When you receive your energy bill in Australia, you are likely to see a charge for the energy you have used as well a charge for extra fees and tariffs. Tariffs are taxes or duties, and they are typically not based on how much power you have used. Wondering what your tariffs may be related to?
In some cases, tariffs are bundled together, meaning you see the total cost but not necessarily the individual costs. Bundled tariffs include ancillary services, stranded cost recovery and true ups. Here's an explanation of those expenses and why your energy company may charge them.
Ancillary services are services related to the production of energy but that are not directly responsible for generating power. For example, in addition to providing electricity to customers, an electrical power company may also deal with other services such as scheduling and dispatching workers to maintain the power grid, overseeing the control of the voltage going through the lines, and watching the frequency controls of the system.
Traditionally, these services are not included in the charge you receive for consuming electricity. However, in order to take care of these services, the power company incurs a lot of expenses, and rather than rolling them into the basic charge, it includes them as part of the tariff. Arguably, wind and solar energy have fewer ancillary services, and if you are looking for a power company with lower tariffs for ancillary services, you may want to consider working with a company that meets a lot of its power needs with alternative sources of energy that require few ancillary costs.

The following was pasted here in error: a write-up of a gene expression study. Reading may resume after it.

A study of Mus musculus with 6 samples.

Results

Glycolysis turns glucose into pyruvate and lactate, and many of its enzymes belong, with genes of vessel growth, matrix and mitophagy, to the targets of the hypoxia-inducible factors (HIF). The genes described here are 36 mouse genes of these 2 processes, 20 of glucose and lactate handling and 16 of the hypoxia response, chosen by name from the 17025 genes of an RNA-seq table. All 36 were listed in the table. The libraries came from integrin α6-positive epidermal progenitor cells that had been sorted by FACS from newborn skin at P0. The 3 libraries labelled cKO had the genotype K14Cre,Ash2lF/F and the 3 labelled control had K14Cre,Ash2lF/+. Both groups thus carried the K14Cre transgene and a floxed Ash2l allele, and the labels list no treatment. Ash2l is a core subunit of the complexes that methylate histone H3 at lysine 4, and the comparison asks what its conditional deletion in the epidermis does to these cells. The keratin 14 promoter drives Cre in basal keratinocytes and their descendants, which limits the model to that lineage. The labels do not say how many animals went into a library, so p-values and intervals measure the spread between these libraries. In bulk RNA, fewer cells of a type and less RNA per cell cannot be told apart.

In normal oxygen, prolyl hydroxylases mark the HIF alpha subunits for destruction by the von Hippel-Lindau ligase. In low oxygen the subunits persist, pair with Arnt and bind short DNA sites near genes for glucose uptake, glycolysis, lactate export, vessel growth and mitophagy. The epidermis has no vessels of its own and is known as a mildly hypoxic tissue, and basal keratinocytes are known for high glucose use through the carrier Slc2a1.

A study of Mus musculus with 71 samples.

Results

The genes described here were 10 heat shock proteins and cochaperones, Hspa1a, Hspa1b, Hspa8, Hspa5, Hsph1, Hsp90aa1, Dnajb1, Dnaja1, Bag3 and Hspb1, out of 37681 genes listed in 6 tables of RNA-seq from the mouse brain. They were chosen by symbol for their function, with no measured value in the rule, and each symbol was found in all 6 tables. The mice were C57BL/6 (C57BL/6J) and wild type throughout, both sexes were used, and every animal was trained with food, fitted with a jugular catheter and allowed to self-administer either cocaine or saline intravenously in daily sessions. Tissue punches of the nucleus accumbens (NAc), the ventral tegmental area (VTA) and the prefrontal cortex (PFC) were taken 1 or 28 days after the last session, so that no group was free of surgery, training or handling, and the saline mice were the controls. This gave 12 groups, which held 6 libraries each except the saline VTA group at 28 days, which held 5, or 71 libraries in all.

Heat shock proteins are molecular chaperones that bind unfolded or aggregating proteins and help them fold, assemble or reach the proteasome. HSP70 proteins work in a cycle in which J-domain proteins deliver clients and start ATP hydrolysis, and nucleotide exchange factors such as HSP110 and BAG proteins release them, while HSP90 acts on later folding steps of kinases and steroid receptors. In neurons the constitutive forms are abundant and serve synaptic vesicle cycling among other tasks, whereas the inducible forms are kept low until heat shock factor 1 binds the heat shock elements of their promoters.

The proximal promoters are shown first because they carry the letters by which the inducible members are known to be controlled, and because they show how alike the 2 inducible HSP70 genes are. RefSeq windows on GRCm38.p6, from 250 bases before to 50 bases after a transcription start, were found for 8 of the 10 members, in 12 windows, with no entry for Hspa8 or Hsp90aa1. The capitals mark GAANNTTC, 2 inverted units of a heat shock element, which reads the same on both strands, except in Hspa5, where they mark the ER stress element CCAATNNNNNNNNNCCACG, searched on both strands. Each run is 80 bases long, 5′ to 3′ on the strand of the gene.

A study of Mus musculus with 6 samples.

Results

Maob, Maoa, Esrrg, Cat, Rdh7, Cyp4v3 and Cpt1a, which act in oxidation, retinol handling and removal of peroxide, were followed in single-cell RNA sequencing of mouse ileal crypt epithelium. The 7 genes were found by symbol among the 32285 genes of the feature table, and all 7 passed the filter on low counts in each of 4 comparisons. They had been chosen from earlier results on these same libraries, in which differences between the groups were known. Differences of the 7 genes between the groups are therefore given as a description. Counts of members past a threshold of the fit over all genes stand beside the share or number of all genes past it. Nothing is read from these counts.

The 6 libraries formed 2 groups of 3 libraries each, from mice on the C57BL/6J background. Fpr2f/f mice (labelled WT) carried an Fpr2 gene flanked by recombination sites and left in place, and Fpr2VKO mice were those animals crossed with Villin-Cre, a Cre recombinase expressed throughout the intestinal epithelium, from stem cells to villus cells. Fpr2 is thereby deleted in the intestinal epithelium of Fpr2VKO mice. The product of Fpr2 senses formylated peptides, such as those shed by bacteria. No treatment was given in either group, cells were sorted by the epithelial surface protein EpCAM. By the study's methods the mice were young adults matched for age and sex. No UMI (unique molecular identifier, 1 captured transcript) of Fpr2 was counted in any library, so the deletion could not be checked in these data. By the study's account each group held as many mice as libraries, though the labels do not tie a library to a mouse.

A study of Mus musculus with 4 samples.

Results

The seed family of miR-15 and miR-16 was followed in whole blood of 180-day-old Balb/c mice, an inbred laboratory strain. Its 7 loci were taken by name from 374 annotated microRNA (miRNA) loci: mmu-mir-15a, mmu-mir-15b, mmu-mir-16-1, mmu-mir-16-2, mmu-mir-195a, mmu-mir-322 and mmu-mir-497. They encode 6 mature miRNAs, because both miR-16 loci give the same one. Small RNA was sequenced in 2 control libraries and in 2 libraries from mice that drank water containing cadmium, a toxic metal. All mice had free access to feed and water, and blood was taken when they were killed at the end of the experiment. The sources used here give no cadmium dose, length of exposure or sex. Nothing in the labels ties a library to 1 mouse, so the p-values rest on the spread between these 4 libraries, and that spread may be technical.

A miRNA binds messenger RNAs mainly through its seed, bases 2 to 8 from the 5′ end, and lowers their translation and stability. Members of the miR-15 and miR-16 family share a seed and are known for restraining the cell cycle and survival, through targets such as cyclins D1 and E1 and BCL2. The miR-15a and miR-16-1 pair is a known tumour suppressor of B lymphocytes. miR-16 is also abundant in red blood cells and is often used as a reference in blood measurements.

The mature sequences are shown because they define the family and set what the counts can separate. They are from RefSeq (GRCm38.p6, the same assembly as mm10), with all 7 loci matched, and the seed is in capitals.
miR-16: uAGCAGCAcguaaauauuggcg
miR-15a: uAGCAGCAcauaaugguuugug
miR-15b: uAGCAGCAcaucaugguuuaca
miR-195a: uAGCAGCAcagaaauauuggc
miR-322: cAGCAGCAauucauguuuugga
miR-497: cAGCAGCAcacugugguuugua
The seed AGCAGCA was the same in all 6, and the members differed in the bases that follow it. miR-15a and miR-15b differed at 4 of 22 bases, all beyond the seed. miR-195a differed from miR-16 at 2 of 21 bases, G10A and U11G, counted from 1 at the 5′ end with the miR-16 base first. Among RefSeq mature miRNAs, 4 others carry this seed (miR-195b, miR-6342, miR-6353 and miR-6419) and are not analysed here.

Stranded Cost Recovery
Another relatively popular type of tariff that some energy companies charge is a stranded cost recovery tariff. This tariff is designed to cover stranded costs incurred by energy companies. Basically, a stranded cost is when a power company has old debts, often for equipment that is out of date. Those costs are called stranded costs because they have the potential to prevent the power company from diving into new pursuits or purchasing new equipment.
In contrast, if a new energy provider popped up, it could easily invest in new equipment, as it isn't loaded with debt like the other company. As a result of the new company's innovation, many customers would switch companies. This reality can make competing in the energy arena difficult. However, stranded cost tariffs exist to level the playing field.
These tariffs are sometimes just charged to customers of energy companies with old debts or stranded costs. In other cases, everyone in an entire area has to pay stranded costs, regardless of which energy provider they work with.
True Up Tariffs
Finally, some of the tariffs on your energy bill may be related to true ups. True ups are an accounting concept, and they refer to when an accountant or bookkeeper makes an adjustment to the books to account for the inaccuracy of an earlier projection. For example, imagine that an energy company anticipated some of its ancillary costs being a certain amount of money, but at the end of the year, the costs ended up being much higher or lower. An accounting true up adjusts that amount, and then, the cost is passed on through a true up tariff.
If you want to know more about the tariffs you see on your energy bill, contact your energy provider directly. The tariffs and their structure can vary from state to state, and different companies may also explain tariffs differently on your bill. However, a rep from a company, such as those at Lumo Energy, should be able to explain exactly what you are paying and why.